Sarah Jaquette Ray has spent her career etching out an academic niche at the intersection of environmental issues and social justice. In the late 2010s, as concern around the climate crisis finally began to swell toward today’s crescendo, Ray, a professor of environmental studies at California State Polytechnic University, Humboldt, turned her focus toward a relatively new phenomenon that had entered the discourse: climate anxiety—the “chronic fear of environmental doom.” As Ray began to write and talk about climate anxiety, she very quickly noticed that the people interested in her work shifted. “What happened? It got a lot whiter,” she says.
A discomfort growing prompted her to the pen an opinion piece for Scientific American in March 2021, in which she expressed concern about what she dubbed the “unbearable whiteness” of the climate anxiety conversation. In her words, she was “sounding the alarm” that if marginalized people continued to be left out of the discussion, climate anxiety could manifest as fear or anger against marginalized communities and society would forgo the intersectional approach needed to take action against the climate crisis .
She wanted to capture the ways in which “white emotions can take up all the oxygen in the room.” The term climate anxiety itself seemed to mean much more to the white and wealthy experiencing an existential threat for the very first time. Climate justice writer Mary Annaïse Heglar has dubbed this “existential exceptionalism”—when the privileged represent climate change as humanity’s first existential crisis, effectively scrubbing away centuries of existence that very much targeted the people of color and other marginalized populations.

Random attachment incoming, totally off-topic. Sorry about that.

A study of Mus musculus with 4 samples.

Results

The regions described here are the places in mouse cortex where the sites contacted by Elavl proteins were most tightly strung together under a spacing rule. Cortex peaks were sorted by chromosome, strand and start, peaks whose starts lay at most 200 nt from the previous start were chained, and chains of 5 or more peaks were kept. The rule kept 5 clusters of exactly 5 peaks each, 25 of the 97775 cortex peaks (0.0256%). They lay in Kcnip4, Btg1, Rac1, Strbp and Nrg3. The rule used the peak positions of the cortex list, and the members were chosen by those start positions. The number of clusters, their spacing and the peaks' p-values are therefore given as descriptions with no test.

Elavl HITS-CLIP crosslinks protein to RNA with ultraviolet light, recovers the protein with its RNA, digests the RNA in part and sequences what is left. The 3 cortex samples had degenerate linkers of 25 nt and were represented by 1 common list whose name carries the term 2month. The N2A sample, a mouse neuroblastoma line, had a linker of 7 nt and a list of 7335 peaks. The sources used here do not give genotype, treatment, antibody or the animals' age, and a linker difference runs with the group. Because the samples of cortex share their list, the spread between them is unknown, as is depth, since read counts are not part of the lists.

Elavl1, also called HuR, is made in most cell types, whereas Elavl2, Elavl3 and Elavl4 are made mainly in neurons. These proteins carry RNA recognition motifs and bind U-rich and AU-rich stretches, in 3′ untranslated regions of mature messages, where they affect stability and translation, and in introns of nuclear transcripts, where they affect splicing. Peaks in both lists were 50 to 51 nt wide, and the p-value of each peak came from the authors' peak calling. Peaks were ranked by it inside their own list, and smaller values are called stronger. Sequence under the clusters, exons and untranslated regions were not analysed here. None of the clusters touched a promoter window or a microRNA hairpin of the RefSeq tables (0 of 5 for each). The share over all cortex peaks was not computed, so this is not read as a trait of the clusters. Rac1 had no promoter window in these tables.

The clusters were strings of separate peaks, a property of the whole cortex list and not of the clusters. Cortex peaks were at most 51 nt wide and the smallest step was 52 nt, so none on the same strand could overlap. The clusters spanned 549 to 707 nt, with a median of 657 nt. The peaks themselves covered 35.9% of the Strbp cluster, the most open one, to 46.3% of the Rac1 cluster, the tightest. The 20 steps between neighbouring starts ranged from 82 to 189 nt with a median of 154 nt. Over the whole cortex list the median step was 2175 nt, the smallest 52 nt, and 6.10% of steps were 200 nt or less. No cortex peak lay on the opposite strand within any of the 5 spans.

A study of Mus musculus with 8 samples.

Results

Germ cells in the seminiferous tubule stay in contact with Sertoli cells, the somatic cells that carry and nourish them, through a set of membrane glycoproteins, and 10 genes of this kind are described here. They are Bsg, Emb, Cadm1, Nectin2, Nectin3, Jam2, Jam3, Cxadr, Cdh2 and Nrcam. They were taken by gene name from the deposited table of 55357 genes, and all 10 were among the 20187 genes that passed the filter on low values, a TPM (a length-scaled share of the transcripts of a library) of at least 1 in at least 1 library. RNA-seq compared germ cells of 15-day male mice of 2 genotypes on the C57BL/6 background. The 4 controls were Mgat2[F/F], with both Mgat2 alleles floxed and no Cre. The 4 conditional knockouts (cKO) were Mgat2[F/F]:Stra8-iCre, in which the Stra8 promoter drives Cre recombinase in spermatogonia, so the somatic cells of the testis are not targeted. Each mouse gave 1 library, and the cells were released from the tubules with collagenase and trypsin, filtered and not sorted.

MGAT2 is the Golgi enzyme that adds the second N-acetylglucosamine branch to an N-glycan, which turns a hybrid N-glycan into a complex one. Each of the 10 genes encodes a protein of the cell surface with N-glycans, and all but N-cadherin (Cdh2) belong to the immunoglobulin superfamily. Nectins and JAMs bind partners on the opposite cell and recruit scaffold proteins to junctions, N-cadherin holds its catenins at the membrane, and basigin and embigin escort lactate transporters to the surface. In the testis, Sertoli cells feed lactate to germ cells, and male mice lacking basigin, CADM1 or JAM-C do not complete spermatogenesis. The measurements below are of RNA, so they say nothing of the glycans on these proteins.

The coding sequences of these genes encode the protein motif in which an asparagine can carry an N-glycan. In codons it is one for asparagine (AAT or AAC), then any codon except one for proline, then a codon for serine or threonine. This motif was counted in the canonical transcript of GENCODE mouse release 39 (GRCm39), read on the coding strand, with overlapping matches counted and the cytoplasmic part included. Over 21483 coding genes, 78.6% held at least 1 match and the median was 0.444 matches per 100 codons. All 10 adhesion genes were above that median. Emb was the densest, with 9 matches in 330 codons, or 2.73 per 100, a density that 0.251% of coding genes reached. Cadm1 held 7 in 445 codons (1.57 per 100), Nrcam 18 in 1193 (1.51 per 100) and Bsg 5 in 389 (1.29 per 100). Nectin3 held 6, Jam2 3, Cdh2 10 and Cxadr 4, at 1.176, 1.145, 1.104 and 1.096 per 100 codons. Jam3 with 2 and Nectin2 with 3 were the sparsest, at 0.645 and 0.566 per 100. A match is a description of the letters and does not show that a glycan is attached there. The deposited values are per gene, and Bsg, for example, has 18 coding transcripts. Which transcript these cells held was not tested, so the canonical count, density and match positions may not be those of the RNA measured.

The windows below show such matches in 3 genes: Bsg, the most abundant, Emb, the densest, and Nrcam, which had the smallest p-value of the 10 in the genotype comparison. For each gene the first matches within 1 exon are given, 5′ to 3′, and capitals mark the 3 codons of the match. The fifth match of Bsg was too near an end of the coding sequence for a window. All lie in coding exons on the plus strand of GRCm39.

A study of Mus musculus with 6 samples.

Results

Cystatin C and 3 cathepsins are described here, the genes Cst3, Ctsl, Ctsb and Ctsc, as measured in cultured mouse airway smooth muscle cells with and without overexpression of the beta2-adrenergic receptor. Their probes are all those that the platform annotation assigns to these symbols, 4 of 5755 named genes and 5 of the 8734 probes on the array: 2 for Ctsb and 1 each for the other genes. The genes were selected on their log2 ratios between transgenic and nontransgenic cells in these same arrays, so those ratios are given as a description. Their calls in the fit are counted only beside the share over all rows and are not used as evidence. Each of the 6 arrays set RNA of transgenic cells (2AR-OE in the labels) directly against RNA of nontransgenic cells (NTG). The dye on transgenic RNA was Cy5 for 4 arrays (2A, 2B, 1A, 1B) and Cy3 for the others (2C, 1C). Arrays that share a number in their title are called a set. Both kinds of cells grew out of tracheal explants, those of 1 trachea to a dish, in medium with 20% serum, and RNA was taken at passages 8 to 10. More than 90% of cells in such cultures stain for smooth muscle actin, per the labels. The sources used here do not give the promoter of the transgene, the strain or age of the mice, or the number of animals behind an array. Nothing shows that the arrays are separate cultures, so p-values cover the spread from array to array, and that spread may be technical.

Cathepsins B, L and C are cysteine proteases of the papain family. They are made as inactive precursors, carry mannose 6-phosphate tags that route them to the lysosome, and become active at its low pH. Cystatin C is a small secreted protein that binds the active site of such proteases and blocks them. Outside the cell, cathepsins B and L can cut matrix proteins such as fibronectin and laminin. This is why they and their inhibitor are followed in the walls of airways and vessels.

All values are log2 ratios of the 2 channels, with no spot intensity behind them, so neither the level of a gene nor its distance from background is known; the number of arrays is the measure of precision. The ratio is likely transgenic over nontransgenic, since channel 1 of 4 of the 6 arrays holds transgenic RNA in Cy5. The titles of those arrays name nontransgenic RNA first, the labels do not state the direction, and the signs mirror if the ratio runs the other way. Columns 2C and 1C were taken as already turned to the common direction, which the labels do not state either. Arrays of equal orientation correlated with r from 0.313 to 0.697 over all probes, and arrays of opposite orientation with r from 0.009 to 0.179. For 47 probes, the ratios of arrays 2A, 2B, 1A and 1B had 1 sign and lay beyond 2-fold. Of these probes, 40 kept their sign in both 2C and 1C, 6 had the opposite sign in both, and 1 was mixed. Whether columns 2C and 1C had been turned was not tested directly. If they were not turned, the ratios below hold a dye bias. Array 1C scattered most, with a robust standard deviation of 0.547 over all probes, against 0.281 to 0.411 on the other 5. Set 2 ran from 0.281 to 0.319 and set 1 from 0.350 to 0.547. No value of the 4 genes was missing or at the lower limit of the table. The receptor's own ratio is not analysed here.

Ray’s work has been “really important and provocative for getting the much-needed critical questions opened up about who is being focused in the conversation about climate anxiety,” says Britt Wray, a human and planetary health fellow at Stanford University and author of the new book Generation Dread: Finding Purpose in an Age of Climate Crisis. Wray’s own more recent research shows that while white people might make up the majority of voices in the conversation, climate anxiety is a phenomenon that does not discriminate by race, class, or geography.
In 2021, Wray and her colleagues published a study that surveyed 10,000 young people (between the ages of 16 and 25) in diverse settings around the world, from Nigeria to India, the United Kingdom, and Brazil. They found that more than 45 percent of the participants said their feelings about the climate crisis were negatively impacting their ability to function on a daily basis—eating, going to work, sleeping, studying. And when researchers looked at countries where climate disasters have already become more intense, such as Nigeria, the Philippines, and India, the proportion reporting distress was much higher—it hovered around 75 percent of the respondents in some of these places. “It really points out the inequities and injustices wrapped up in climate anxiety as we understand how it manifests in people’s lives,” says Wray.
Part of the reason certain groups have dominated the conversation could simply come down to language. The reality is that what the term “climate anxiety” means to a white middle-class European might differ completely from what it means to a poor farmer in Lagos. Why somebody might say that they’re experiencing anxiety is derived from a mishmash of preformed notions of what anxiety is, their background, and what words are available to them. “Climate anxiety, as a term, is very privileged,” Ray says. “Not to mention all the emotions that we don’t even have language for, right?”